As 2018 draws to an end and as public perceptions of financial planners remain in the doldrums on the back of the Royal Commission into Misconduct in the Banking, Superannuation and Financial Services Industry it is to be hoped that this represents a watershed year for the industry.
I use the term “watershed” in the context of 2018 representing a turning point for financial planning wherein it can finally leave behind the succession of changes which evolved out of the global financial crisis (GFC) and were driven by factors such as the collapse of Storm Financial, the illegalities of Trio Astarra and the vertically-integrated mis-steps of the major banks.
While the Royal Commission has succeeded in delivering up a succession of sensational and negative headlines about the financial services industry, with the exception of some of the revelations around AMP Limited and direct insurance, it has really done little more than rake over the coals to re-ignite matters which were already known and very often already being dealt with.
Worth noting, as the industry awaits the tabling of Commissioner Kenneth Hayne’s final report in February is the reality that the Royal Commission has been perceived as letting some sectors off lightly when compared to others, notwithstanding the written evidence concerning major industry fund Cbus and the activities of over-arching industry funds body, Industry Funds Services.
But looking back at who was named and who was not named during the Royal Commission will not serve the best interests of the financial planning industry. Rather, it must now look to the future and the reality that a large proportion of planners will be heading for the exit over the next two years as a result of the new Financial Adviser Standards and Ethics (FASEA) regime.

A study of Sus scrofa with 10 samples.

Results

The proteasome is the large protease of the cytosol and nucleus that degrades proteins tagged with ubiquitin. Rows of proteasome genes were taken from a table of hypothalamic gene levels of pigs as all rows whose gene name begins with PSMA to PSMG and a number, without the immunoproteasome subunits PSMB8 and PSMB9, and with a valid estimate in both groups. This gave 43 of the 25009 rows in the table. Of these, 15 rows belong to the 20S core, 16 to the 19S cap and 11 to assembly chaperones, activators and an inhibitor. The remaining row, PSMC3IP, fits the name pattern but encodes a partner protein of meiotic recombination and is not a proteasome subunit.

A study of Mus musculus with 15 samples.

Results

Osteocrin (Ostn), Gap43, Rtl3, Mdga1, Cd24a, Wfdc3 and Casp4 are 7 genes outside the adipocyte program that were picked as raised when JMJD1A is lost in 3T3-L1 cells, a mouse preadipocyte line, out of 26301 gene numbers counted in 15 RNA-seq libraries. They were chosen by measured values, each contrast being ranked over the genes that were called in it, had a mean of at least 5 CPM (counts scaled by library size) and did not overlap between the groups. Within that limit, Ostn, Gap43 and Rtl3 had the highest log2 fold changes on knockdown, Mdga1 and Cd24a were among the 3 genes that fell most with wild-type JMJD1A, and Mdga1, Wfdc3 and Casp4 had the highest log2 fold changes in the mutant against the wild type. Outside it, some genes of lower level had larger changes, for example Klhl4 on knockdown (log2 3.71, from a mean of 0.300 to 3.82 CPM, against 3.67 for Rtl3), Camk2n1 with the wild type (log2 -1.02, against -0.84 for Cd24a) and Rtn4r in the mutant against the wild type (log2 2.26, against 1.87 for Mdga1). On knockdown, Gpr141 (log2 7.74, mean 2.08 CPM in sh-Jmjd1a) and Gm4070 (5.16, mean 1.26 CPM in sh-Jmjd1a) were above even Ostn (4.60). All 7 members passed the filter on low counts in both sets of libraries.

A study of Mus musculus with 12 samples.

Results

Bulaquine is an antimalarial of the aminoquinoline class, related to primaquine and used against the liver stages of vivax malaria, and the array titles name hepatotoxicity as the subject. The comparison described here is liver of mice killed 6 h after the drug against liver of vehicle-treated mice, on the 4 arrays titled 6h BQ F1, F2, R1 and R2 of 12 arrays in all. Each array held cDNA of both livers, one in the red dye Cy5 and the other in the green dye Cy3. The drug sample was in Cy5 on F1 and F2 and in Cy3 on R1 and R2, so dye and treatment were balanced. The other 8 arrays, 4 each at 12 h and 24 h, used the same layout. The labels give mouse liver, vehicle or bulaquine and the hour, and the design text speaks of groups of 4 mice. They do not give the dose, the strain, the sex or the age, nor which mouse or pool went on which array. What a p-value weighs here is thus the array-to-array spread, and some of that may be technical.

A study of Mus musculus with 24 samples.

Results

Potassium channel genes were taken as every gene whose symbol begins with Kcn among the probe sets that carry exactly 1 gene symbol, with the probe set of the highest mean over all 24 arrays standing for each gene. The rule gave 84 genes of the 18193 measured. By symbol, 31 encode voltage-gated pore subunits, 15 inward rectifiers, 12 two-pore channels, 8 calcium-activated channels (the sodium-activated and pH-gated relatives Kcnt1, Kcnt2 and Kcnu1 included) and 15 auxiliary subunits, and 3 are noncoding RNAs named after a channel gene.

While the final shape of the FASEA regime has, at the time of writing, yet to be announced, those planners who choose to leave will be those who cannot or do not believe they can meet the degree minimum academic requirements and those who are, in any case, in the twilight of their financial planning careers.
Will the exit of these planners result in an erosion of experience and capability? Yes. Is their loss going to be insurmountable? Perhaps only in the short term.
It is in these circumstances that those voices in the financial planning community who continue to rail against the changes being wrought by the FASEA regime and against the changes likely to result from the Royal Commission need to look forward, rather than back. They need to accept that history, consumer sentiment and political reality are all stacked heavily against a return to the old ways.
At this juncture, at the close of 2018, the only reason financial planners should be looking back is to see how far they’ve actually come.
This represents the last print edition of Money Management for 2018. On behalf of the entire team I would like to wish all our readers a safe and Merry Christmas and a prosperous 2019.